Fears mount over hiring gaps amid ‘Great Resignation’

New research shows growing vacancy gaps in some sectors and increasing appetite for moving jobs.

A row of people on chairs waiting for an interview

 

Advertised job vacancies have topped 1.3 million, with the worst ‘hiring holes’ appearing in Hospitality & Catering and Logistics & Warehouse roles, according to new research, while another poll shows a big rise in people looking to move jobs in the next months.

The research analysed trends in advertised job vacancies on job search engine Adzuna across over 5,500 job titles, looking back to the start of 2021 to expose the sectors and job niches struggling most to hire.

The hiring holes are the result of a combination of factors including a lack of skilled candidates available to fill specialist roles like HGV drivers, falling jobseeker demand for certain positions and strong sector growth outstripping the supply of new candidates in some areas, says Adzuna.

Hospitality & Catering has seen the steepest increase in job ads of any sector since the start of the year, with 85,382 positions open in September 2021, up by 459% since January. This includes advertised openings for bar staff growing 1,313%, jobs for chefs up 729% and positions for waiters rising 577%.

The Logistics & Warehouse sector has seen an uptick of 115% since January. In particular, openings for warehouse workers are up 414%. This is prompting companies to offer higher than ever sign-on bonuses to try and tempt new joiners, with Amazon offering signing bonuses of up to £3,000 in demand areas.

The huge pick-up in HR & Recruitment roles, up 190% since January.

Lorry driver job ads for HGV and LGV drivers have risen 272% since January. Lorry drivers accounted for 1 in 50 job openings available in September.

Adzuna says there is also evidence of other skills gaps forming, for instance, interpreters due to a lack of jobseekers with language skills, and veterinary nurses due to the lockdown pet-buying boom.

The Trade & Construction sector is also suffering from skills shortages, with advertised vacancies up 70.2% since January and demand for labourers up by 102%.

However, some sectors are facing job vacancy falls. They include mental health nurses, down by 74% compared to five years ago, despite the growing mental health crisis and possibly a reflection of budget issues.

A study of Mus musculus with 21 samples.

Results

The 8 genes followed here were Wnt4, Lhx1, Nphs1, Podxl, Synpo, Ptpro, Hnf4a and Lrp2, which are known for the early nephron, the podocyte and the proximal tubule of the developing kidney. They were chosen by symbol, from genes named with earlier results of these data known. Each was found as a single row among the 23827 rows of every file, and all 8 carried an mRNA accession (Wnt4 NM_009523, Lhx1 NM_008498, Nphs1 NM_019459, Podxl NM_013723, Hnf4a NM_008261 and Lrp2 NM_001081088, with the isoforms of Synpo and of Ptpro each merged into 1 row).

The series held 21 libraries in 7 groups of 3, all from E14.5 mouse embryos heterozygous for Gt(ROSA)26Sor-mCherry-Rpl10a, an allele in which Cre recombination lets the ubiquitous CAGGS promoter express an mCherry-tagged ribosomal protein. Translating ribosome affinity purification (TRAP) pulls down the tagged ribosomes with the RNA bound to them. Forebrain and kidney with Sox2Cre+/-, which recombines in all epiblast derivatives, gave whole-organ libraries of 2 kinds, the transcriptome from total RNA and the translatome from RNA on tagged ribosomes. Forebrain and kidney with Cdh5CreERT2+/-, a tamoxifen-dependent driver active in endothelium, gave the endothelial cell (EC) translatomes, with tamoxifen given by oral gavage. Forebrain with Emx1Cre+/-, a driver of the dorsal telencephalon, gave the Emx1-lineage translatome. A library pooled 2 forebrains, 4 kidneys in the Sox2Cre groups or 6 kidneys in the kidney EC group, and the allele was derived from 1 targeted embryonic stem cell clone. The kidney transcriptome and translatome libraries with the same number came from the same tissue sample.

Andrew Hunter, co-founder of job search engine Adzuna, said: “Hiring holes are appearing throughout the UK jobs market and pushing up overall vacancy levels to record highs. A combination of booming sectors, a skills shortage and jobseeker disinterest for some roles has created a recruitment conundrum. Employers are responding by raising wages and offering bonuses, but smaller employers who can’t afford to compete are struggling.”

Poor working conditions need to be addressed

Meanwhile, a report for the think tank Autonomy says 75% of FTSE100 companies cited labour shortages or staff retention issues as a principal risk to their business in the last reporting period [due to the impact on delivery and subsequent loss of clients and income], with Logistics & Transport, Hospitality and Social Care hardest hit and 41% of workers in those sectors reporting that they are considering leaving their job in the next 12 months. Low pay, poor mental health and long working hours are among the reasons given.

The report says company responses to date are “falling short”. Short-term measures taken include bonuses and minor pay uplifts; restructures and intensified workloads; recruitment via agencies; and lobbying for changed regulations to increase the supply of workers. However,  the majority of people in the three key sectors which are worst affected said they had not been offered any incentives to stay by their employers. They also reported that a pay rise, shorter working hours for the same pay, and better in-work benefits such as holiday pay and pensions would keep them working in their current sector.

The report calls for sector level negotiations, involving workforces and their unions, business and government. It says “long-term improvements to future-proof jobs should also follow, such as pay lifts with collective bargaining, decent in-work benefits and a work-life balance that suits the worker”.

Another poll of over 6,000 UK workers by recruiter Randstad shows that close to a quarter of employees plan to resign within the next three to six months, with almost 70% hoping to move job in the next two months. Of those eyeing a new role, just 16% said they were worried about trying to get a new job. Those in construction, tech and logistics were the most confident, with 74% of manufacturing employees confident about moving to a new job immediately. HR, legal, and accountancy professionals were among the least confident.

A Ranstad spokeswoman said part of the problem was burnout and people rethinking their work life balance after Covid.